Odahiekwu Ogunde, Yenagoa
Independent National Electoral Commission, Civil Society Organisations and other stakeholders have demanded the review of the electoral process in the country.
They identified proper review of the Electoral Act, early sensitisation of voters, adequate security, more participation and protection of women in politics, among others, as the panacea for free, fair and credible elections in the future.
At a virtual workshop organised by Stakeholders Democracy Network, participants which also included security agencies, political parties and academics, noted that proper preparation and holistic change in the Electoral Acts would bring the needed change in the electoral system in the country.
Speaking during the workshop, Chairman of the Civil Liberties Organisation, Bayelsa State chapter, Chief Nengi James; Chairman, Bayelsa NGO Forum, Robinson Kuro; Bayelsa State Coordinator of the Girl Child Empowerment Reproductive Health Initiative, Mrs. Rosemary Oweifari and child and human rights activist, Princess Egbe, backed the review of the electoral process.
The Project Officer, SDN, Joseph Ekong, said the event was packaged to avail project participants the opportunity of assessing the successes recorded.
He also said the exercise would identify gaps and recommend better ways of implementing future elections while reactions and recommendations would afford INEC and other stakeholders to organise a freer and violence-free elections.
In her remarks, Oweifari said INEC should review the gender policies for women participation in future elections, saying the issue of violence against women in elections should be aggressively addressed.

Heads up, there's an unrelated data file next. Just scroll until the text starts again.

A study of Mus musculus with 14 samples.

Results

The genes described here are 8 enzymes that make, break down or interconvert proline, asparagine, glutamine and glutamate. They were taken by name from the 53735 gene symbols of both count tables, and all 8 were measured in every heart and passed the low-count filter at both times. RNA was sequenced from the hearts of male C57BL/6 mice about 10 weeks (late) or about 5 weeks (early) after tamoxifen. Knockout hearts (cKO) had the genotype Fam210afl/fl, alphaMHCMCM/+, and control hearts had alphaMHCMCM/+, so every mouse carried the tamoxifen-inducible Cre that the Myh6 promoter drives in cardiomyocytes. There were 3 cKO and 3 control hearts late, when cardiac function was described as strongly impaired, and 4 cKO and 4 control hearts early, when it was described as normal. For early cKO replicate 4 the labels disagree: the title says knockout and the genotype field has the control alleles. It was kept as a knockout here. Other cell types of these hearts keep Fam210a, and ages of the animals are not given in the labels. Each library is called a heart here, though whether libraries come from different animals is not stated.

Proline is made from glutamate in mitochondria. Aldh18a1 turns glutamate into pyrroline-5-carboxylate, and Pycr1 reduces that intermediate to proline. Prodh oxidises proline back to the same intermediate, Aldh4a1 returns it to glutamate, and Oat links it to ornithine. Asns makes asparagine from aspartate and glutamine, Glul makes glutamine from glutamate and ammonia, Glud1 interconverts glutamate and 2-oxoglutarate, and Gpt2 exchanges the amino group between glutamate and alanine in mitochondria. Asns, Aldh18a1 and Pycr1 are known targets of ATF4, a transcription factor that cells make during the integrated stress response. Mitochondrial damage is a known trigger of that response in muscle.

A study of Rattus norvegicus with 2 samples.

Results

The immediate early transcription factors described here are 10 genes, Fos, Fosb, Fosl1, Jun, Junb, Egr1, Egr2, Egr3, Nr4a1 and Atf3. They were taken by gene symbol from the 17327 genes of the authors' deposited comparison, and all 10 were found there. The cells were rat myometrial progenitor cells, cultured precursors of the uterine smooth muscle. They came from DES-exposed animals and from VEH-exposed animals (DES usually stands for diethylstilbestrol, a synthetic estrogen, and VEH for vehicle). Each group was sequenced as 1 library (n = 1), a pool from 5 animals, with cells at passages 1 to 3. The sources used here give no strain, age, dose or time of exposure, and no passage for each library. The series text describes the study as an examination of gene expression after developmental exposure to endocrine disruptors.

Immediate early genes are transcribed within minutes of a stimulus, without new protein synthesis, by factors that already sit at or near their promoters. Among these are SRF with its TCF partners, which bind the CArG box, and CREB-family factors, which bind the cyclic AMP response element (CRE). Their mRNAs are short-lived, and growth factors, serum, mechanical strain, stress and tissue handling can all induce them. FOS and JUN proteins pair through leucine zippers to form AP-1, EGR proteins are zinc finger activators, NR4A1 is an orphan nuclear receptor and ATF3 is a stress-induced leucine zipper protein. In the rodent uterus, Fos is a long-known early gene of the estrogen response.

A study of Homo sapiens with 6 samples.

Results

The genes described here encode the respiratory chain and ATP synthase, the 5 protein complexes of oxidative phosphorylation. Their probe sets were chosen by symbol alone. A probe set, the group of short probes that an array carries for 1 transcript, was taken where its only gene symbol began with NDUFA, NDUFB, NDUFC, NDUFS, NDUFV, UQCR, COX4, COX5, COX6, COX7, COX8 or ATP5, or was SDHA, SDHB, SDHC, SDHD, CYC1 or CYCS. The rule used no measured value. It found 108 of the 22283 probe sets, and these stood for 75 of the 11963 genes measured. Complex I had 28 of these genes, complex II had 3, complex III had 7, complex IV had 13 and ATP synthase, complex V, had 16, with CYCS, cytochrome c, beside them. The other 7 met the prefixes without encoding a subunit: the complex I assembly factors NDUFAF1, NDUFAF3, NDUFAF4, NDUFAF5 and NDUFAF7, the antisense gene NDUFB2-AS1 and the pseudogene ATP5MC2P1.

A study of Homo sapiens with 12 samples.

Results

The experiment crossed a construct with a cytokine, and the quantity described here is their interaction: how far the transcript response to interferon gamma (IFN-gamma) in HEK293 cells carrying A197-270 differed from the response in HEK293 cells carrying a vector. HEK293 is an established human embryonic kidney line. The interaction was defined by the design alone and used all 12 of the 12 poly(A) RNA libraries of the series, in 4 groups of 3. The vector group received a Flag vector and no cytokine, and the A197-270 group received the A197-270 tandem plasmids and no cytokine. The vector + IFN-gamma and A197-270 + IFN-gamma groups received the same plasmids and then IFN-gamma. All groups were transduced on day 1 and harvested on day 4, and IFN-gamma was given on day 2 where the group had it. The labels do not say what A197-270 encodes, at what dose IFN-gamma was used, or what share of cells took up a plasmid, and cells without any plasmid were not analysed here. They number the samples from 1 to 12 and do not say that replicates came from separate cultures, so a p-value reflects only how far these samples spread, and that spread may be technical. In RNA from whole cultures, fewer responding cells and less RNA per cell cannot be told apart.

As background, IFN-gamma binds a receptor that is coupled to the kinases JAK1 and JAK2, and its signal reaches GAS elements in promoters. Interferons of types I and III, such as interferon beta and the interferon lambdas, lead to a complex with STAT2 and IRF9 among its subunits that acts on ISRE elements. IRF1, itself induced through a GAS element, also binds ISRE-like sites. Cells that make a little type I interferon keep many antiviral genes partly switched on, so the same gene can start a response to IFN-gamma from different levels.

“I think the electoral act should be amended and the issues affecting women participation, especially the violence against women should be well articulated in the new act,” she said.
INEC’s representative at the workshop, Robinson Kuro, said election management would look at recommendations and issues raised from the post-election reviews with a view of improving the electoral process.
He, however, said INEC as a sub-system in the entire electoral process would need other sub-systems in the entire system to perform optimally for the process of electioneering to be successful.
He said, “A lot of people have agreed that elections are products of the entire system, the system has sub-system and INEC is just a sub-system in the electoral process. We have political parties, voters, we have independent bodies like the CSOs, security agencies and many others.
“All of these have specific roles to make the system operational and functional.
“Now, if you look at the way these systems operate, you will discover when one system is operating optimally and others are not, it affects the performance of the entire system, that is what is happening to our electoral process.”
He said there were certain things the commission would improve upon but it could only work and achieve its objectives if the political parties and voters addressed their challenges.